We’ve all heard that we shouldn’t discuss politics, religion, or money in polite company. But weddings make for strange etiquette outcomes, and if you want to properly plan your wedding, you can’t avoid a budget discussion. This talk doesn’t have to be painful, though, and can help you plan for the wedding you’ve always wanted – but with a budget that won’t leave you homeless or bankrupt.
Why Your Wedding Budget Matters
You might conceive of your wedding budget as an amorphous number that you’ll figure out some time in the future. But your budget matters right now. Without an accurate budget, you have no way of knowing how many guests you can afford to invite, which venues are options, and how much you can spend on photography, flowers, your dress, and other wedding day essentials. If you don’t plan your budget early, you’re almost guaranteed to go over budget, and that means you might not be able to afford some of the items you want the most as the big day rolls around.
Creating Your Wedding Budget
You need to create your budget early, and be as specific and detailed as possible. Sit down with everyone who’s contributing something to your wedding to get an idea for how much they can contribute and whether there are any strings attached. If you’re paying for it by yourself, you’ll need to examine your previous spending and determine how much disposable income you have to expend on your wedding. No matter what else you do, never put your wedding on a credit card or take out a loan. There’s no benefit to beginning your marriage in debt, and doing so can stress your relationship.
How to Stick to Your Wedding Budget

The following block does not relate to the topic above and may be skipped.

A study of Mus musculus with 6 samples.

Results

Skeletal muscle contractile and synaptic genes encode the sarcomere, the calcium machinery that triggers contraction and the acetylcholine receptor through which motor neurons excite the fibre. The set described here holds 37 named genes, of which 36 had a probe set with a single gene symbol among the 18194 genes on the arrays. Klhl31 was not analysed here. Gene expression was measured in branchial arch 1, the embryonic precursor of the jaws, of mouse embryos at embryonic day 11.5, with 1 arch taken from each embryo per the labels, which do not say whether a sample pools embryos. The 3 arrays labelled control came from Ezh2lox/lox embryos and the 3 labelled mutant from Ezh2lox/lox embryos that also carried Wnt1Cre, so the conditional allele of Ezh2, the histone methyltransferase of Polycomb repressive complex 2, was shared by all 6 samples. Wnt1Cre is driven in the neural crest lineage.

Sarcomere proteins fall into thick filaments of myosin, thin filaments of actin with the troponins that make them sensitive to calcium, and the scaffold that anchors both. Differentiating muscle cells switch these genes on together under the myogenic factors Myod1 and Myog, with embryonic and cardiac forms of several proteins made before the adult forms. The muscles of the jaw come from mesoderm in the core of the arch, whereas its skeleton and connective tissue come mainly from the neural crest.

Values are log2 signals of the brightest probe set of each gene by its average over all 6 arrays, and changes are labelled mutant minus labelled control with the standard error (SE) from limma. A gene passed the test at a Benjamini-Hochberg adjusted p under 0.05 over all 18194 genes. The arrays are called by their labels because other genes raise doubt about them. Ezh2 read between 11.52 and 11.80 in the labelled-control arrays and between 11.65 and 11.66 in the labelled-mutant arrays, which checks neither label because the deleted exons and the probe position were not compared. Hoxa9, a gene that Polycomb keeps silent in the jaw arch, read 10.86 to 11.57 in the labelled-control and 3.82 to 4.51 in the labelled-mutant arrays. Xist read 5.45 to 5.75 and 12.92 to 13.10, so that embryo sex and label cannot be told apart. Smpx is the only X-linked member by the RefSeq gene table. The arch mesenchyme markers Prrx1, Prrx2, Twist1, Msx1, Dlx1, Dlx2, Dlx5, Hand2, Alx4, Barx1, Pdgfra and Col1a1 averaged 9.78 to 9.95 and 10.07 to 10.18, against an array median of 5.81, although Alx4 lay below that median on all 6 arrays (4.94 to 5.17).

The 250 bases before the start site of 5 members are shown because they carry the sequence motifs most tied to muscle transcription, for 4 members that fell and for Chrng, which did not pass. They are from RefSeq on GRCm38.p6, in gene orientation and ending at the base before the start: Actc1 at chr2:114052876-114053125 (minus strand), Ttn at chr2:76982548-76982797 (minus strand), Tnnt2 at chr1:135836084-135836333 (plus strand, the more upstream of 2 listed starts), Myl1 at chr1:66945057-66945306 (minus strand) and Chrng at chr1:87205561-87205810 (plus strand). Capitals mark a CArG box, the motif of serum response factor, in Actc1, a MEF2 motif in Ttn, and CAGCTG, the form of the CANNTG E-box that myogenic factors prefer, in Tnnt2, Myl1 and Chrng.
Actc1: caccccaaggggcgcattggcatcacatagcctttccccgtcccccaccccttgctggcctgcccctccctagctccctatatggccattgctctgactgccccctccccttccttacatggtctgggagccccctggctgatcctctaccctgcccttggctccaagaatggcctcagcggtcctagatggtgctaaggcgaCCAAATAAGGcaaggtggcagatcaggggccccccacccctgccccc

One of the biggest challenges of making a wedding budget is being able to stick to it when you’re tempted by gorgeous flowers or a one-of-a-kind dress. Try these tips to live within your budget:
• Create a cushion in your budget. For every thousand dollars you spend, set aside a hundred dollars. For example, if you have a $10,000 budget, plan to spend $9,000. This gives you some wiggle room if an unexpected expense rears its ugly head.
• Determine how much you want to spend on each individual item, then stick to it. Don’t try to hire photographers or florists who are out of your price range and then talk them down.
• Try dividing your budget into envelopes. When the money for a particular item, such as jewelry, is gone, you can’t spend anymore.
• Be upfront with your vendors about how much you can afford to spend, and ask for a clear cost estimate and a contract.
Keeping your wedding budget under control now will give you and yours the practice you need to manage money together. It will also ensure you start off married life relatively stress-free, rather than drowning in wedding-related debt.